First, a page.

Australian study assesses biodiesel feedstocks

By Erin Voegele | November 17, 2010
Posted Dec. 15, 2010

A report recently released by the Australian Government's Rural Industries Research and Development Corp. investigated the potential for using native and naturalized plant species as feedstock for biodiesel production. The study, "Evaluating Biodiesel Potential of Australian Native and Naturalised Plant Species," assessed the feasibility of more than 200 potential feedstocks and determined that 20 locally available species have commercial potential.

"It is widely regarded that bioenergy could play a significant role in a low-carbon energy future in Australia," said Roslyn Prinsley, general manger of the RIRDC's New Rural Industries program. "It could help reduce our reliance on fossil fuels and provide an alternative income source for farmers though the establishment of new rural industries. But to achieve sustainable industry expansion, we need a solid scientific basis to help inform industry and government decision making, and drive potential private sector investment. [This report] will help us understand which potential feedstocks are commercially viable and best suited to Australia's growing conditions, in particular our unique climate and soils. And, importantly, the studies help to dispel the myth that the production of bioenergy feedstocks has to come at the expense of land destined to grow crops for human consumption."

The study, which focused on the central Queensland region of Australia, had three primary objectives; to identify native plant species that produce significant quantities of oil and grow well on marginal lands, to test the seeds of these species for oil content, and to examine the oil yield potential of selected species. Plant types evaluated during the course of the study included trees, shrubs, palms, herbaceous species and weedy species.

According to the report, fruits or seeds were obtained for each plant through field collection, seedbanks or commercial seed companies. The seeds were then analyzed for oil content. Of the more than 200 plant species tested, the researchers determined that 20 that featured substantial oil content. Oil from the 20 selected species was then analyzed for fatty acid composition, which was used to calculate biodiesel properties. In addition, oil from each of the 20 selected species was converted into biodiesel, with the resulting fuel evaluated for basic property characteristics. Biodiesel produced from one species, Calophyllum inophyllum, also underwent engine performance testing.

The 20 species identified by the study as potential biodiesel feedstocks include:

1. Calophyllum inophyllum (Beauty leaf tree): The perennial tree flowers twice a year, producing up to 8,000 fruits per plant annually. Each fruit contains a kernel that contains approximately 46 percent nonedible oil. The highly acidic and viscous oil was found to yield inferior quality biodiesel using conventional conversion processes, but modified production processes led to better results. As part of the study, researchers conducted engine tests using B5 and B20 biodiesel produced with Beauty leaf tree oil and found that it performed as well as conventional diesel.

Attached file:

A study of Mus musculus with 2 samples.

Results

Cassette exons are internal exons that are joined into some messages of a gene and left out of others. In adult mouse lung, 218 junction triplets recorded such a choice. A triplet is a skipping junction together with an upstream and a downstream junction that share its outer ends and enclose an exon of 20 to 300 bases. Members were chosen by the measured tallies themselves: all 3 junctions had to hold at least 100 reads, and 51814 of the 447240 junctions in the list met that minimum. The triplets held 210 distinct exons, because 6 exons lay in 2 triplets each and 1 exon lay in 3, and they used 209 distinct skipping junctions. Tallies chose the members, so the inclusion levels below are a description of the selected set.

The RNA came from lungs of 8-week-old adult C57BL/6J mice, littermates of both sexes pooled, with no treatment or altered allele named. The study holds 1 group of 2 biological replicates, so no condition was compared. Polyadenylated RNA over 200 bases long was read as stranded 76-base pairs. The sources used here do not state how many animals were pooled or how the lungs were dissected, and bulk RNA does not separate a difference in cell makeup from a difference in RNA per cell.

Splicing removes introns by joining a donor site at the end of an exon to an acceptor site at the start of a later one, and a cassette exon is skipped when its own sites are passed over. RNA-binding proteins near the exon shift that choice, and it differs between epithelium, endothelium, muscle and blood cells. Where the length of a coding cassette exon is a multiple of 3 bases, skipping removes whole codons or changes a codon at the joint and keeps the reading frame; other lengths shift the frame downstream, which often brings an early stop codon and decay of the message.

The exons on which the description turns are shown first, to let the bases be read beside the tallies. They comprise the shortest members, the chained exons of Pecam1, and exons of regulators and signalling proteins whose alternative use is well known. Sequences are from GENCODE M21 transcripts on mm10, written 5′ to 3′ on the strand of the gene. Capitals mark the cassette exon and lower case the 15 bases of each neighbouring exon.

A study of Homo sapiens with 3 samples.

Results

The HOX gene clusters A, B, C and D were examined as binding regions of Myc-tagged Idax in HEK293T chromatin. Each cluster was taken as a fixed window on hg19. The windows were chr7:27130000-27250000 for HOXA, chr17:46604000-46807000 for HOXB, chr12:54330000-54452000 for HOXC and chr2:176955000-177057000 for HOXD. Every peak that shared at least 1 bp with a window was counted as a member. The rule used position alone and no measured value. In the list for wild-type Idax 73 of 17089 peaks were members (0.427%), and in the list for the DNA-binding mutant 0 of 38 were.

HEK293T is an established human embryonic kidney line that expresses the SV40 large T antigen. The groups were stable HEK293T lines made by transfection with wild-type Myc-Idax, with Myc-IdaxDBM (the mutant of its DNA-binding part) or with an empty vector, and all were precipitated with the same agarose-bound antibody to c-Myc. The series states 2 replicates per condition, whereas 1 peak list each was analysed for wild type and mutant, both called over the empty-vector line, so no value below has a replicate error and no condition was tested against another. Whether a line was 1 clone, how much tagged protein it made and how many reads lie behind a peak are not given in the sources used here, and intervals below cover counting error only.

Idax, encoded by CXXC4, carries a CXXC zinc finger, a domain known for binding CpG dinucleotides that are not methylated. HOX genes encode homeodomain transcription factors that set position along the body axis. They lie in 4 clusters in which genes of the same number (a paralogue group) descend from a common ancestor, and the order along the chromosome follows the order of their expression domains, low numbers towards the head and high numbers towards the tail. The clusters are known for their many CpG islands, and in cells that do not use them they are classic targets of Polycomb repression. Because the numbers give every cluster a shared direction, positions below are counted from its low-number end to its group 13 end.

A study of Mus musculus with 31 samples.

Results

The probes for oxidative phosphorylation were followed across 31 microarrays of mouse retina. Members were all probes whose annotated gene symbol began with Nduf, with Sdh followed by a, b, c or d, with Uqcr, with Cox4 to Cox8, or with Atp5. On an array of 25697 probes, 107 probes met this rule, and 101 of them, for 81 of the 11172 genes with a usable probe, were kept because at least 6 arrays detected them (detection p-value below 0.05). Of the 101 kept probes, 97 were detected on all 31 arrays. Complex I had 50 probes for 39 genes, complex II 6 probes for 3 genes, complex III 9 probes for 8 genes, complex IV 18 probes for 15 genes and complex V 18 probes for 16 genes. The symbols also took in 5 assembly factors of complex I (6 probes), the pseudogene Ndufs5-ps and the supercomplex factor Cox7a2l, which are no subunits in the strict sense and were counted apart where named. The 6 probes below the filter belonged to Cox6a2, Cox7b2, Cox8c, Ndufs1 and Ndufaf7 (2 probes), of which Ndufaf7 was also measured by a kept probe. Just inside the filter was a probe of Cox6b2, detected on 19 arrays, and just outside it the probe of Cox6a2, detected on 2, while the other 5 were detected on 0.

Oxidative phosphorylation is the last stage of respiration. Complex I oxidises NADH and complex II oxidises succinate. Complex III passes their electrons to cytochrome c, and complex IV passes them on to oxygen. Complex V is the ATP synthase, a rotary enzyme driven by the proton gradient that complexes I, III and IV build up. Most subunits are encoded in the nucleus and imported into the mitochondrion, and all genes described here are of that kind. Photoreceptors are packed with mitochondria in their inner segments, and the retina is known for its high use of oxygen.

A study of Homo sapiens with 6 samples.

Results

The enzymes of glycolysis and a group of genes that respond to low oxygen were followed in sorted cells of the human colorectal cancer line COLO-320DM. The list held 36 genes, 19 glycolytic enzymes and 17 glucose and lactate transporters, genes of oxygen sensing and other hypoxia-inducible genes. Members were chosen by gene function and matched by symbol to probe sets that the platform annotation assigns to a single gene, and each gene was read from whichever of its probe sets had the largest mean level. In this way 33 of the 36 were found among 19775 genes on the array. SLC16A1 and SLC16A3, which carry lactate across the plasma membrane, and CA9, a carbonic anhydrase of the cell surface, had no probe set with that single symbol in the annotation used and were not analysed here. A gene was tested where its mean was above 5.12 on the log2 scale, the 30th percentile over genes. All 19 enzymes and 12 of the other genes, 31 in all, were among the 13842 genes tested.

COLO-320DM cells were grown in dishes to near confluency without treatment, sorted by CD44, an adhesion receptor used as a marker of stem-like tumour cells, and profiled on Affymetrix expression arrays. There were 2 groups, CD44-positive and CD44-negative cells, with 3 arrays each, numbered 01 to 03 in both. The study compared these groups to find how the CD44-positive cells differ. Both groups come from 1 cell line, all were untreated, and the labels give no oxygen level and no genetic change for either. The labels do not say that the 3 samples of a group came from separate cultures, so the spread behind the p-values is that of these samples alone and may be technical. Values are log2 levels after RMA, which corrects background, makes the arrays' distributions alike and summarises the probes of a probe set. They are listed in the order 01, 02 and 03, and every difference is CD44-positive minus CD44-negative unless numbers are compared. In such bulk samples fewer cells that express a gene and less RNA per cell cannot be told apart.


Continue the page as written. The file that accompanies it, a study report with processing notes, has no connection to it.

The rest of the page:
2. Aleurites moluccana (Candle nut tree): The fast growing tree produces up to 7,000 fruits per tree annually. Each fruit contains one or two seeds, which contain approximately 47 percent oil. According to researchers, the oil contains a high quantity of linolenic acid, which might pose problems with its use as a biodiesel feedstock.

3. Syagrus romanzoffiana (Queen palm): The naturalized palm species bears fruits in panicles, each of which produces a kernel that contains 41 to 47 percent oil.

4. Murraya exotica (Mock orange): The naturalized species bears fruit in both autumn and spring. The resulting seeds contain 22 percent oil.

5. Cordyline manners-suttoniae (Cordyline): The palm-like plant produces berries. The seeds of the berries contain approximately 15 percent oil.

6. Grevillea banksii (Grevillea): The shrub bears a large number of fruits. The resulting seeds contain 15 percent oil.

7. Elaeocarpus grandis (Blue quandong): The tree produces fruits each contain a tiny kernel. The oil content of each kernel is approximately 38 percent. However, the proportion of the kernel to seed is very low.

8. Ochna serrulata (Ochna): The shrub produces seeds that contain 31 percent oil.

9. Brachychiton bidwillii: The deciduous shrub produces fruits, each of which contain 20 to 30 pea-sized seeds. The seeds have an oil content of 15 percent.

10. Koelreuteria formosana (Chinese rain tree): The naturalized tree has been classified as a weed due to its aggressive growth patterns. It produces seeds that contain 22 percent oil.